Missions marked by hurricanes, a famous oil spill and SAR

Mississippi has been hit with 16 hurricanes since 1851, a total that jumps to 86 if neighboring Louisiana, Alabama and northwest Florida are taken into account. Two of those have been Category 5 hurricanes — Camille in August 1969 and Katrina in August 2005, both among the largest on record to hit the U.S. mainland. The Mississippi Wing responded in both cases in support of Mississippians affected by massive flooding and wind damage and great loss of life. Missions included materials transport, aerial photo reconnaissance, communication links, distribution of relief supplies and search and rescue. Numerous smaller hurricanes have spurred the wing into action with aerial assets, ground teams and communications equipment.

Another major mission for the wing involved the Deepwater Horizon oil spill in the Gulf of Mexico in 2010. For four months after the April 20 incident, CAP launched more than 1,000 sorties totaling more than 2,500 flight hours over 700 miles of coastline. The long flight hours enabled volunteers to capture more than 28,000 pictures. These pictures were essential due to the GPS coordinates, dates and times attached to each, enabling state and federal agencies to assess the oil spill’s potential effects on the coastline, barrier islands, wetlands and fishing industry. Deepwater Horizon has been described as Civil Air Patrol’s largest mission since World War II.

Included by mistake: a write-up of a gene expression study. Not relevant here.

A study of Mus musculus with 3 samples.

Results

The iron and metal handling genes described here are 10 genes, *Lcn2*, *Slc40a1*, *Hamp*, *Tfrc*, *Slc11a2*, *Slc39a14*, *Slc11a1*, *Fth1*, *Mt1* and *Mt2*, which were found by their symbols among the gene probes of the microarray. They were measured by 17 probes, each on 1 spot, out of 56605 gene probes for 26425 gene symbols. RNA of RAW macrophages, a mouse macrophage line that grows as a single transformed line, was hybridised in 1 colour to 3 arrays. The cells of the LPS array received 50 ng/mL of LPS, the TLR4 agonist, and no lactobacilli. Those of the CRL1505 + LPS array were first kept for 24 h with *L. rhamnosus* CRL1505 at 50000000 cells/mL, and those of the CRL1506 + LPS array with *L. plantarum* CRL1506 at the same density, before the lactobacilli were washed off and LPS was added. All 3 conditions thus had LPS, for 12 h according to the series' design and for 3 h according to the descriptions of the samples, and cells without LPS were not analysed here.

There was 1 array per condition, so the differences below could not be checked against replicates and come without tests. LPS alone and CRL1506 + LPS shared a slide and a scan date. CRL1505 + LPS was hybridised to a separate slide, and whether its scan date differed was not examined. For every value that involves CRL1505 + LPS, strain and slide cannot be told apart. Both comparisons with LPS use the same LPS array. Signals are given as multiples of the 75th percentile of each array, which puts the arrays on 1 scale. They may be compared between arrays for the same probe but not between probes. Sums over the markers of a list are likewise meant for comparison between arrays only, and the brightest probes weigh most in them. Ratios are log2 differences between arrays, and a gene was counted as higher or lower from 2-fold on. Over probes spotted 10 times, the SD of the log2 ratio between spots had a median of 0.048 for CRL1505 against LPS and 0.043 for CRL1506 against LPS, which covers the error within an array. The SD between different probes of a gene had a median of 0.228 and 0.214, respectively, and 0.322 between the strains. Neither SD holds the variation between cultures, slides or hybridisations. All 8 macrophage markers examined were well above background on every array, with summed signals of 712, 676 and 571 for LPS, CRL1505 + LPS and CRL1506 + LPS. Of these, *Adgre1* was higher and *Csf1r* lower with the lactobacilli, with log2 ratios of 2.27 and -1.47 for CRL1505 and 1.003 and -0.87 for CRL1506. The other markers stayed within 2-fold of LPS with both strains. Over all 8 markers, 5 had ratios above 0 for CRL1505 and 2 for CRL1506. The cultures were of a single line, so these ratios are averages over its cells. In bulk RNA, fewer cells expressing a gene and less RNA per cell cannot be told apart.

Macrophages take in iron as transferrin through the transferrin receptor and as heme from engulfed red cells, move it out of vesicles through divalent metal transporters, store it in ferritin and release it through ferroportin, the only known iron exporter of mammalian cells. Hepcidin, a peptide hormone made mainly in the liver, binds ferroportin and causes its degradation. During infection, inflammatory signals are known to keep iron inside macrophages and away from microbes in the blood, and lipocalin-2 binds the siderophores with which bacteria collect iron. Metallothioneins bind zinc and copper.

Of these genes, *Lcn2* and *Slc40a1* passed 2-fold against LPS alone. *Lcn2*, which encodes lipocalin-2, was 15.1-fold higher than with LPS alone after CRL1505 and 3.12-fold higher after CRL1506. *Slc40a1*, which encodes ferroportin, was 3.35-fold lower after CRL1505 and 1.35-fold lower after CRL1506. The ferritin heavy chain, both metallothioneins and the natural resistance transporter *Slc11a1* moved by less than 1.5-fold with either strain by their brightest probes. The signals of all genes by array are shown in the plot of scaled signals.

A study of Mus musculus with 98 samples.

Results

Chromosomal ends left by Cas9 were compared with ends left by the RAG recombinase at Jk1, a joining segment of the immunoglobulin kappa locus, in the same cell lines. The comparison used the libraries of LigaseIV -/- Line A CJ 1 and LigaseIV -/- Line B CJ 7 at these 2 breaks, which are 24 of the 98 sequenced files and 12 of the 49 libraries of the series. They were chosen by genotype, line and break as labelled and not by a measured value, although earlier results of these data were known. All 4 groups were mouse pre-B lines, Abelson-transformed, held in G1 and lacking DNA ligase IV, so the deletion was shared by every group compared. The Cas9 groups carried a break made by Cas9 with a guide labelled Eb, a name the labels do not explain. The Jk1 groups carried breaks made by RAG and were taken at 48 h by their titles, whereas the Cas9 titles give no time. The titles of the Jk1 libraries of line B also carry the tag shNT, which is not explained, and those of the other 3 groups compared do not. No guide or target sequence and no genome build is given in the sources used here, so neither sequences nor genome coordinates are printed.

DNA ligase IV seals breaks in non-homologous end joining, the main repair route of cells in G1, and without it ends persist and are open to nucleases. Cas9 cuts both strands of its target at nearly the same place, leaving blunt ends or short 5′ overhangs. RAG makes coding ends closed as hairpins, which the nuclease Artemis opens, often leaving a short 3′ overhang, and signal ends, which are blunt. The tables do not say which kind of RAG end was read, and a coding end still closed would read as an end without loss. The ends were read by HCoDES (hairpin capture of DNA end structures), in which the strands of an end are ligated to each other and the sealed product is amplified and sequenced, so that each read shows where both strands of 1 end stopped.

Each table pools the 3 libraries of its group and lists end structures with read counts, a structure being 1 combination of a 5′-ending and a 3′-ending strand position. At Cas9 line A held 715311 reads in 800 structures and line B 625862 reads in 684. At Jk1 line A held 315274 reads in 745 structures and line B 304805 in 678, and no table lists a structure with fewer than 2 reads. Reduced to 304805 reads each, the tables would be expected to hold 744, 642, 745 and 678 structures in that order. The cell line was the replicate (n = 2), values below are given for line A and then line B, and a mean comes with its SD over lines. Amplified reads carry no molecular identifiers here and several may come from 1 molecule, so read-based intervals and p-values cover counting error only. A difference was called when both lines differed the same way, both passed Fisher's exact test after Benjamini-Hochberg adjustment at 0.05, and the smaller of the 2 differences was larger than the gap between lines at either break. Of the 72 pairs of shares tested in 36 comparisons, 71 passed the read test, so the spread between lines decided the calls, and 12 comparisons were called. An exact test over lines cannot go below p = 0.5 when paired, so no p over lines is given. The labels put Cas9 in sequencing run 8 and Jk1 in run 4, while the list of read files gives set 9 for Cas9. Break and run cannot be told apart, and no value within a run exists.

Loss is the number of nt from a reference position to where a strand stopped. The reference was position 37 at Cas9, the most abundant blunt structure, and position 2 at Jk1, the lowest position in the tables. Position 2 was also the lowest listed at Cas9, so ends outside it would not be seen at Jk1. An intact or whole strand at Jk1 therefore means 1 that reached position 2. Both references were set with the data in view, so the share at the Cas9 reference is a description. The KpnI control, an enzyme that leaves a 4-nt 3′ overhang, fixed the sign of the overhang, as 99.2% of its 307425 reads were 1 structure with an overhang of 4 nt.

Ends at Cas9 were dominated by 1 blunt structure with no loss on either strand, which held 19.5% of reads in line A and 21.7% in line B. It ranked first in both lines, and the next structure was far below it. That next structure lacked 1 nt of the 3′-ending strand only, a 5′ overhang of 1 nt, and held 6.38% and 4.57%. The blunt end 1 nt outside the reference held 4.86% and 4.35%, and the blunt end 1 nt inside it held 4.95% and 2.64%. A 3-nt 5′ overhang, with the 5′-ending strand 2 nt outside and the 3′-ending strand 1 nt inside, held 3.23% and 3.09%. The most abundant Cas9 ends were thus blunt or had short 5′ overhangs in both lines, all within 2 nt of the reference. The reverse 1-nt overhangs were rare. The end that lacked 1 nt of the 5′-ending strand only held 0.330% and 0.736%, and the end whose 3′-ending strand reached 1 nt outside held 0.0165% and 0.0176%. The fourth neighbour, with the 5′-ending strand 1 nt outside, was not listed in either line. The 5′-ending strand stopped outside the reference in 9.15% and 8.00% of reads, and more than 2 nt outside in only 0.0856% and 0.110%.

The wing is also well-known in search and rescue circles because of Dennis Steinbock’s book “Miracle in Mississippi,” which detailed the Oregon pilot’s dramatic rescue in June 2007. After crashing his new single-engine Zodiac plane in the remote woods of northeast Mississippi, Steinbock survived 54 hours pinned underneath the wrecked plane before he was found by one of the wing’s ground teams and taken to safety.

Mississippi Wing’s Singing River Squadron was the 11th squadron formed in Civil Air Patrol, as symbolized by the 11 on the unit’s patch. The squadron played an active and early role in CAP’s coastal patrol mission during World War II, as the mouth of the Mississippi River turned out to be a particularly lucrative killing ground for German U-boats early in the war.
Mississippi Wing’s Singing River Squadron was the 11th squadron formed in Civil Air Patrol, as symbolized by the 11 on the unit’s patch. The squadron played an active and early role in CAP’s coastal patrol mission during World War II, as the mouth of the Mississippi River turned out to be a particularly lucrative killing ground for German U-boats early in the war.